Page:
Objects clause and authorised share capital
What is (or was) the objects clause of a company registered before 1st October 2009?
For companies registered before 1st October 2009 it was a requirement that the company's memorandum contained an objects clause. This set out the purposes for which the company had been registered. Directors were required to pursue these objects only, and if they pursued other objects they were acting 'ultra vires' and could be personally liable.
It was common for objects clauses to be very long and detailed, so that in practice almost anything was within the scope of the objects. From 1989 it was possible to have a very short 'general commercial' objects clause. Such a clause permitted anything of a commercial nature.
On 1st October 2009 the objects clause of an existing company was deemed to be part of the company's articles. It continued to have the same effect, but since that date it has been possible to discontinue it by means of a special resolution. If this is done, the company has unrestricted objects.
What is the position concerning an objects clause for a company registered on or after 1st October 2009?
Companies registered on or after 1st October 2009 do not routinely have an objects clause and most of them do not. This means that the objects of the company are unrestricted. If the members wish to have an objects clause, they are free to put one in the articles.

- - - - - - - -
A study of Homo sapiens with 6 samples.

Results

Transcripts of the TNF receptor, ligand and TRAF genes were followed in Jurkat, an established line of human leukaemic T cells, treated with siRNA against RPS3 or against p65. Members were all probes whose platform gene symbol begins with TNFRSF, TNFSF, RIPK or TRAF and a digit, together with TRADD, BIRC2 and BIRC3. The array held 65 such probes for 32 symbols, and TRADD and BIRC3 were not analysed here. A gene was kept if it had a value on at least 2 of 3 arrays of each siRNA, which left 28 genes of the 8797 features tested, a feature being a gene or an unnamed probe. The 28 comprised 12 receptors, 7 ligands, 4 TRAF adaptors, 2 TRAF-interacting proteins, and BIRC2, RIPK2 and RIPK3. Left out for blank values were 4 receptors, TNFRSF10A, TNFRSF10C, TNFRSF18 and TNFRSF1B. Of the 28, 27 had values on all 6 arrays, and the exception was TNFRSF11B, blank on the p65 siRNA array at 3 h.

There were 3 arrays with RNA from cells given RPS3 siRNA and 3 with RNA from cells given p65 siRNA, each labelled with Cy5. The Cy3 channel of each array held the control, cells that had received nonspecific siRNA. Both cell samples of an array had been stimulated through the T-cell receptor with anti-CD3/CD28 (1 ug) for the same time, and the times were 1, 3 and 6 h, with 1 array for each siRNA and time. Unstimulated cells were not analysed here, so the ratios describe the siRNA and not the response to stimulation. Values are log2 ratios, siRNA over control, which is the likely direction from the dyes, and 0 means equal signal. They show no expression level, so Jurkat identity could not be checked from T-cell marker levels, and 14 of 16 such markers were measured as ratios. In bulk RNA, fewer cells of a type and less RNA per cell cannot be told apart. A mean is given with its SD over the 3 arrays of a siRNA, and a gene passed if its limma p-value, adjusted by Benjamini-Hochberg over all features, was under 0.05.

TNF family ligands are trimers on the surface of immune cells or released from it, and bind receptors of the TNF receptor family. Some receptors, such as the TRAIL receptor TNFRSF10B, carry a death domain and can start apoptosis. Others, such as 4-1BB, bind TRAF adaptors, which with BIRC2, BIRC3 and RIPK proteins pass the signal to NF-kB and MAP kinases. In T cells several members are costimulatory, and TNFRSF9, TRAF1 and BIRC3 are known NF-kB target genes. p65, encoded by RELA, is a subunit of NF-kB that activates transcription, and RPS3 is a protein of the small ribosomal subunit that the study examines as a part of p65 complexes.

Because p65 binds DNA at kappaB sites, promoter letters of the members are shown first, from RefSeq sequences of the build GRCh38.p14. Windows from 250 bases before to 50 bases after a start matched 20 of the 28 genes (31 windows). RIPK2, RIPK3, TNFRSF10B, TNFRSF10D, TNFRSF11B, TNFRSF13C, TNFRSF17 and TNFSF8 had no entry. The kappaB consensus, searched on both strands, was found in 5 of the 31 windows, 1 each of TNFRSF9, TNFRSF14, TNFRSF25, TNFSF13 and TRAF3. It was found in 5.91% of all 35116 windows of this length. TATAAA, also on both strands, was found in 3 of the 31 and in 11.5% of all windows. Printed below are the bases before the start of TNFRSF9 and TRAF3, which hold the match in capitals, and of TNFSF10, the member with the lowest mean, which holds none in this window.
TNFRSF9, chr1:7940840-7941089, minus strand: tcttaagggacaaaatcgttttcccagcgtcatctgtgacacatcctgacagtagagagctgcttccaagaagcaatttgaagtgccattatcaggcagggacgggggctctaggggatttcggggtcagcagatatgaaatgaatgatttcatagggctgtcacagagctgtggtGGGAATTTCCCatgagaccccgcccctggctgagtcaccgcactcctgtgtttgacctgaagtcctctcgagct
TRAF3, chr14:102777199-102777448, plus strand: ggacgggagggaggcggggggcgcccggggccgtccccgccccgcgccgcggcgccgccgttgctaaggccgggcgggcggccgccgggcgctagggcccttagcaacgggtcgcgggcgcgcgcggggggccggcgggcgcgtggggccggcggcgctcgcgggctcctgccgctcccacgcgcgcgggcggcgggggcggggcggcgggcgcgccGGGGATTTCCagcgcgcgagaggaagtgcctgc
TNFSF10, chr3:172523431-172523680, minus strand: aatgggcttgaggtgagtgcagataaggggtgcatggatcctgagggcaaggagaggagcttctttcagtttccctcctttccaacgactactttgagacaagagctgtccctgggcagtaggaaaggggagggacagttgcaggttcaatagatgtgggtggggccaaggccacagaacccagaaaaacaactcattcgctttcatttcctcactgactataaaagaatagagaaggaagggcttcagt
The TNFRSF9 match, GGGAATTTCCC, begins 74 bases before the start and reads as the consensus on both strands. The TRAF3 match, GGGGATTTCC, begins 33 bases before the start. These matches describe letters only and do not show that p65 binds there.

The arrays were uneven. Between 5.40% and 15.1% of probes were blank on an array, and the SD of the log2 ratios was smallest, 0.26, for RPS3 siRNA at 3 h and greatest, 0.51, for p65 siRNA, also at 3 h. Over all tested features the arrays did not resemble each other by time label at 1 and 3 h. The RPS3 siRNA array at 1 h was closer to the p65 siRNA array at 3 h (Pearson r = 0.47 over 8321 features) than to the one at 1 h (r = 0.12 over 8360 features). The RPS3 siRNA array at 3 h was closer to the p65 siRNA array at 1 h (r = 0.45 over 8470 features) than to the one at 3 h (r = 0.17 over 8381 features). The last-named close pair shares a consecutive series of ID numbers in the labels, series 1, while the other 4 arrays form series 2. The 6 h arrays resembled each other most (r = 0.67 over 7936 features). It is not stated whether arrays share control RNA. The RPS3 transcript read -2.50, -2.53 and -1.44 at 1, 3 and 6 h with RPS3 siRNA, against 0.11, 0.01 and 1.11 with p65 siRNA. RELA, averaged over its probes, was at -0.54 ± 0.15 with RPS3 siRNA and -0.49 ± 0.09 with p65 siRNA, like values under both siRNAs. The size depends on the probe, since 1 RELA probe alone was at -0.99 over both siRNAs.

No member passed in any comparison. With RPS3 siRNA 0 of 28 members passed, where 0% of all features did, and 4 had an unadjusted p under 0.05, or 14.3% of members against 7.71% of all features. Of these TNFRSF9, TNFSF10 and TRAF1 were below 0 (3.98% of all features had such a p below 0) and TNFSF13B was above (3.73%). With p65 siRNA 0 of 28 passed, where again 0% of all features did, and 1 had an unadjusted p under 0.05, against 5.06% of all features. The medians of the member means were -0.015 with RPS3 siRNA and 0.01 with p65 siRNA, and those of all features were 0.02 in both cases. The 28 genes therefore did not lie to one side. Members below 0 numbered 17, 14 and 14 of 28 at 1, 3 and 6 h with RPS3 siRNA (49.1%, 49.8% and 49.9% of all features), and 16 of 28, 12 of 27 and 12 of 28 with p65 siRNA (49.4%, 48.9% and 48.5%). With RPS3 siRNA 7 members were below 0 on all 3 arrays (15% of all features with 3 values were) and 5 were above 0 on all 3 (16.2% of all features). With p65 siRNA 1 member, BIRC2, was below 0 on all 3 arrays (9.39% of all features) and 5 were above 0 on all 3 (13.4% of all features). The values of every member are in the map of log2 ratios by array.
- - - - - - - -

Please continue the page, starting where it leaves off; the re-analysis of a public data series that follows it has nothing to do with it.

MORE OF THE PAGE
Must companies that are registered charities have an objects clause in their constitution?
Yes - such a company must have a suitable objects clause in its articles. Charitable companies are an exception to the general rule about objects clauses.
Are directors (other than in a charitable company) totally free to pursue any object that they wish?
Yes and no. They are not restrained by the constitution unless there is a restriction in the company's articles. On the other hand, they should be mindful of directors' general duties. These are explained elsewhere in this book. Section 171 states 'A director of a company must act in the way he considers, in good faith, would be most likely to promote the success of the company for the benefit of its members as a whole'.
What is (or was) authorised share capital?
For companies having a share capital registered before 1st October 2009 it was a requirement that the company's memorandum stated the total authorised share capital and how it was divided into shares of different values and class. On 1st October 2009 this was deemed to be part of the company's articles and continued to apply. However, the members have been able to remove authorised share capital from the articles by means of an ordinary resolution.
Companies having a share capital registered on or after 1st October 2009 are not required to have an authorised share capital, and the great majority do not do so. It is possible for the members to put it in the articles if they wish to do so.
Basic questions about articles
What are the articles of association?
The articles of association govern the way in which a company's internal affairs are regulated. They may be likened to an agreement between all of the members and the company itself.
Are the articles of association important? Why are there not more questions about them in this section of the book?
The articles of association are extremely important in all companies. This section of the book covers the general principles. However, answers to questions on very many topics are likely to include phrases such as 'subject to the articles' and 'you should refer to the articles to answer this question'. The issues are addressed topic by topic throughout the book rather than all in one place. To repeat the point - yes, the articles of association are important.